As Oliver North's jury, in a tightly guarded room, debated Friday whether or not he is guilty, an alternate juror who heard all the testimony said she would have voted to convict him on some of the 12 charges.

"Mr. North . . . wasn't made to do what he did," said Horasina McKie, one of five alternates dismissed when the case went to the jury. "He had a choice in it. He had a choice to either say, `No, I don't want to do this' or `Yes sir, I will do this' even as it went along, and he knew it was wrong."North is charged with withholding information from Congress, lying to Attorney General Edwin Meese III about his activities in the Iran-Contra affair, destroying and altering documents, misusing money entrusted to him and accepting an illegal gratuity - a $13,800 security system at his home.

McKie said she had not discussed the case with other jurors - following the strict instructions given daily by U.S. District Judge Gerhard A. Gesell - and did not know how they feel.

If that held true for the entire jury, the nine women and three men judging North discussed the former National Security Council aide for the first time starting at 9:40 a.m.

They could not help but notice on their arrival that the courthouse, between the Capitol and the White House, had become a news media center. Huge television trucks were parked on the street, wires snaked around the building and cameras were aimed at every entrance.

The jurors quickly had requests, relayed to the judge on notes. They asked for copies of Gesell's instructions, which took more than two hours to read in court; for note pads, paper clips and pencils.

Jury members will deliberate a half day on Saturday but not on Sunday. Their lunches in the courthouse are being catered.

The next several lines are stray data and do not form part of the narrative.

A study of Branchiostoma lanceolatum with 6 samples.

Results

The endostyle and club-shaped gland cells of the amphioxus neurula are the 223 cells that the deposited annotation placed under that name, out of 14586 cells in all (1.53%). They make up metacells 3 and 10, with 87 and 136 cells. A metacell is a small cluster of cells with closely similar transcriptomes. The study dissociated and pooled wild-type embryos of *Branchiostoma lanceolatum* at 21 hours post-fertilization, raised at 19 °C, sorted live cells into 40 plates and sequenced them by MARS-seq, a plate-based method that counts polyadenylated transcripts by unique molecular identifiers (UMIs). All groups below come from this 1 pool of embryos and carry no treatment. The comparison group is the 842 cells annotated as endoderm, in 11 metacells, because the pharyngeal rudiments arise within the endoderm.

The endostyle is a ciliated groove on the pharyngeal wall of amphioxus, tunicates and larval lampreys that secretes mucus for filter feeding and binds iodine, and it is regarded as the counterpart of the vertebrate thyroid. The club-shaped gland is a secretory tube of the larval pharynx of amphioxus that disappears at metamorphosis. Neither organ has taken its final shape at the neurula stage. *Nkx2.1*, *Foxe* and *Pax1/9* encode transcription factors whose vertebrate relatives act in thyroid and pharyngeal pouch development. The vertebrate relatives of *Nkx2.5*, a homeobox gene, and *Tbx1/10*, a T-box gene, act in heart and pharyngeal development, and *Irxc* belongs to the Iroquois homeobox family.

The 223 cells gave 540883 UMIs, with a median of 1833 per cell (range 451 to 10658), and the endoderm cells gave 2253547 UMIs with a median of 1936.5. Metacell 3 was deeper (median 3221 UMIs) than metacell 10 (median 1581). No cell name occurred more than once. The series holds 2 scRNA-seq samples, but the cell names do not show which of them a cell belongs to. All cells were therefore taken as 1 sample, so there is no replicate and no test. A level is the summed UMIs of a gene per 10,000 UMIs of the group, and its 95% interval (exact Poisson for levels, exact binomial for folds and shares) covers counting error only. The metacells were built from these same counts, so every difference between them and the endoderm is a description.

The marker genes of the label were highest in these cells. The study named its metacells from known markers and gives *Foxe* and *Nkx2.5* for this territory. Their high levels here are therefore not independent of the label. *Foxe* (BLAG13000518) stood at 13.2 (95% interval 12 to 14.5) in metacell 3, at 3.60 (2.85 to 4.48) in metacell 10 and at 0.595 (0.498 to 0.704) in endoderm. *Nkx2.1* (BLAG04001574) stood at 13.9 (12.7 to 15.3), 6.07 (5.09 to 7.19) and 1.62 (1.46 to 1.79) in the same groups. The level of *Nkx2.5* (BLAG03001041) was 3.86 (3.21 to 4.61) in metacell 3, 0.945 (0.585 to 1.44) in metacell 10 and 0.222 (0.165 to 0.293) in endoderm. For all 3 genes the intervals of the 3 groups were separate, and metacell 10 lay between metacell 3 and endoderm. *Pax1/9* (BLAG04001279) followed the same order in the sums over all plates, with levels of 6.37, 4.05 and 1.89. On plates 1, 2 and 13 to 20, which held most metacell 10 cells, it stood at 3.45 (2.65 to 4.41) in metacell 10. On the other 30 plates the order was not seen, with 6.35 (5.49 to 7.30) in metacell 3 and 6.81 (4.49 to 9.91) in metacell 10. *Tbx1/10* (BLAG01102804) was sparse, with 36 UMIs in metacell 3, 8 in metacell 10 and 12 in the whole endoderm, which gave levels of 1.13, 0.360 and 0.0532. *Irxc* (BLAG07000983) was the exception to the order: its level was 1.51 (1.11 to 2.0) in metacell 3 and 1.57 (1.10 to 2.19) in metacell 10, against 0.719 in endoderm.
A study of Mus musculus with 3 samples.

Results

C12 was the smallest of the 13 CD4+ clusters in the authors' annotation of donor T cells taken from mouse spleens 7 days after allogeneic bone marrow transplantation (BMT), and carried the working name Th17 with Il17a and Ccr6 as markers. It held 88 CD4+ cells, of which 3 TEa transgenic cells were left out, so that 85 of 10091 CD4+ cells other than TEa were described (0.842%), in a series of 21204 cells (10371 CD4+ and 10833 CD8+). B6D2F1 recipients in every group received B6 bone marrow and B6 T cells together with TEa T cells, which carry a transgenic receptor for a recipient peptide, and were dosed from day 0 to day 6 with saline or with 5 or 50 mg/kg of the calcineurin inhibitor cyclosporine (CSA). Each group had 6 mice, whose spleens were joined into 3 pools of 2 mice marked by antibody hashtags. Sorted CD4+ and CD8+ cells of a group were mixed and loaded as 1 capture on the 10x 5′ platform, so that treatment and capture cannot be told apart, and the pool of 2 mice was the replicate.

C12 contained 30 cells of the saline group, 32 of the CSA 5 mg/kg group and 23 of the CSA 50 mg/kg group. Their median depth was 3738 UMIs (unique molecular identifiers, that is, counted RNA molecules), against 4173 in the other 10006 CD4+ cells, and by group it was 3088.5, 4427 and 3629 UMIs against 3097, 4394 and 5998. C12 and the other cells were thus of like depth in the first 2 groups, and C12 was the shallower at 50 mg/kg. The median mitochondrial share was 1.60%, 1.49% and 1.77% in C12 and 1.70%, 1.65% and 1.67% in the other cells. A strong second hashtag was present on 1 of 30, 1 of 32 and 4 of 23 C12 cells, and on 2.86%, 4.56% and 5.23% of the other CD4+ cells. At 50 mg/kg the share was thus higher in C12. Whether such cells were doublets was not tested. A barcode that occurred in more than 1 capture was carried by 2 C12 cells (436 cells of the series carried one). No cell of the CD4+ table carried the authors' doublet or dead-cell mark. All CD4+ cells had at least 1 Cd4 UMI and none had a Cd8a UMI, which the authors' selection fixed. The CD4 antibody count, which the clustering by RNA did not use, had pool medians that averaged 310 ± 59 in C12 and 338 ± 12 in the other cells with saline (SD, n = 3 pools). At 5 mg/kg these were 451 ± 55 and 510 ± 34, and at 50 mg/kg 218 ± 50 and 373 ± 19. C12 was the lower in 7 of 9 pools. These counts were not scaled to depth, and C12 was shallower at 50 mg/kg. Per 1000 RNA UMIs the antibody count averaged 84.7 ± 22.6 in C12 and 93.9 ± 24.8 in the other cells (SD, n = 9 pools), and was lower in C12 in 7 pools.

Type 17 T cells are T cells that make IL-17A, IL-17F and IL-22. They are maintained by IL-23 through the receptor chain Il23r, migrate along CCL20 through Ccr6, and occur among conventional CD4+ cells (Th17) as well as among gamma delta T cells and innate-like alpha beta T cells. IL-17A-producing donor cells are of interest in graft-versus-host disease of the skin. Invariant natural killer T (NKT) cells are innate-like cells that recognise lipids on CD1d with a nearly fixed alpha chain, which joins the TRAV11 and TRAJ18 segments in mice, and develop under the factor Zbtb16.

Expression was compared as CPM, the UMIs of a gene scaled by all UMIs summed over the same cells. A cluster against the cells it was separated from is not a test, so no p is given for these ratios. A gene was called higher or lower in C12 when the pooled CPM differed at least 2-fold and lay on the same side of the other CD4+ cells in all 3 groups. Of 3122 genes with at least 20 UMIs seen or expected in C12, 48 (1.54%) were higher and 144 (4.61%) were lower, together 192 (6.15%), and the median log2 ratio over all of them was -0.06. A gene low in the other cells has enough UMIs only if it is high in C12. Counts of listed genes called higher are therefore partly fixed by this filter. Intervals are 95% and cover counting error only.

After a night sequestered in a downtown hotel, the jurors were brought to the federal courthouse in a van and taken to an 18-by-12 room only a few feet away from the courtroom where they had listened to testimony for eight weeks. Their room was further crowded with hundreds of exhibits, some still classified as top secret. A U.S. marshal guarded the door..

The foreman is a 34-year-old hospital clerk, Denise Anderson, who said during pretrial questioning that she does not like news and that the extensive television coverage given North's testimony during the 1987 congressional hearings "made me mad. . . . I did not look at it at all."

McKie, the alternate juror who commented in an interview with CBS News, touched on one of North's major defenses, that he was authorized to do all he did.

"No one said, `If you don't do this we're going to fire you,' " McKie said. In his instructions, Gesell had told the jury to remember that no one, including the president, had the right to order an unlawful act.

"I believe Mr. Reagan knew what was going on," McKie said. "I can't say he knew everything, but I think he knew enough to know what was going on. I mean, you see (National Security Adviser Robert) McFarlane every week, he's only 100 yards from you or feet from you."

Reagan told the investigative Tower commission two years ago that he did not know the National Security Council staff was engaged in helping the Contra rebels in Nicaragua when official U.S. aid was banned.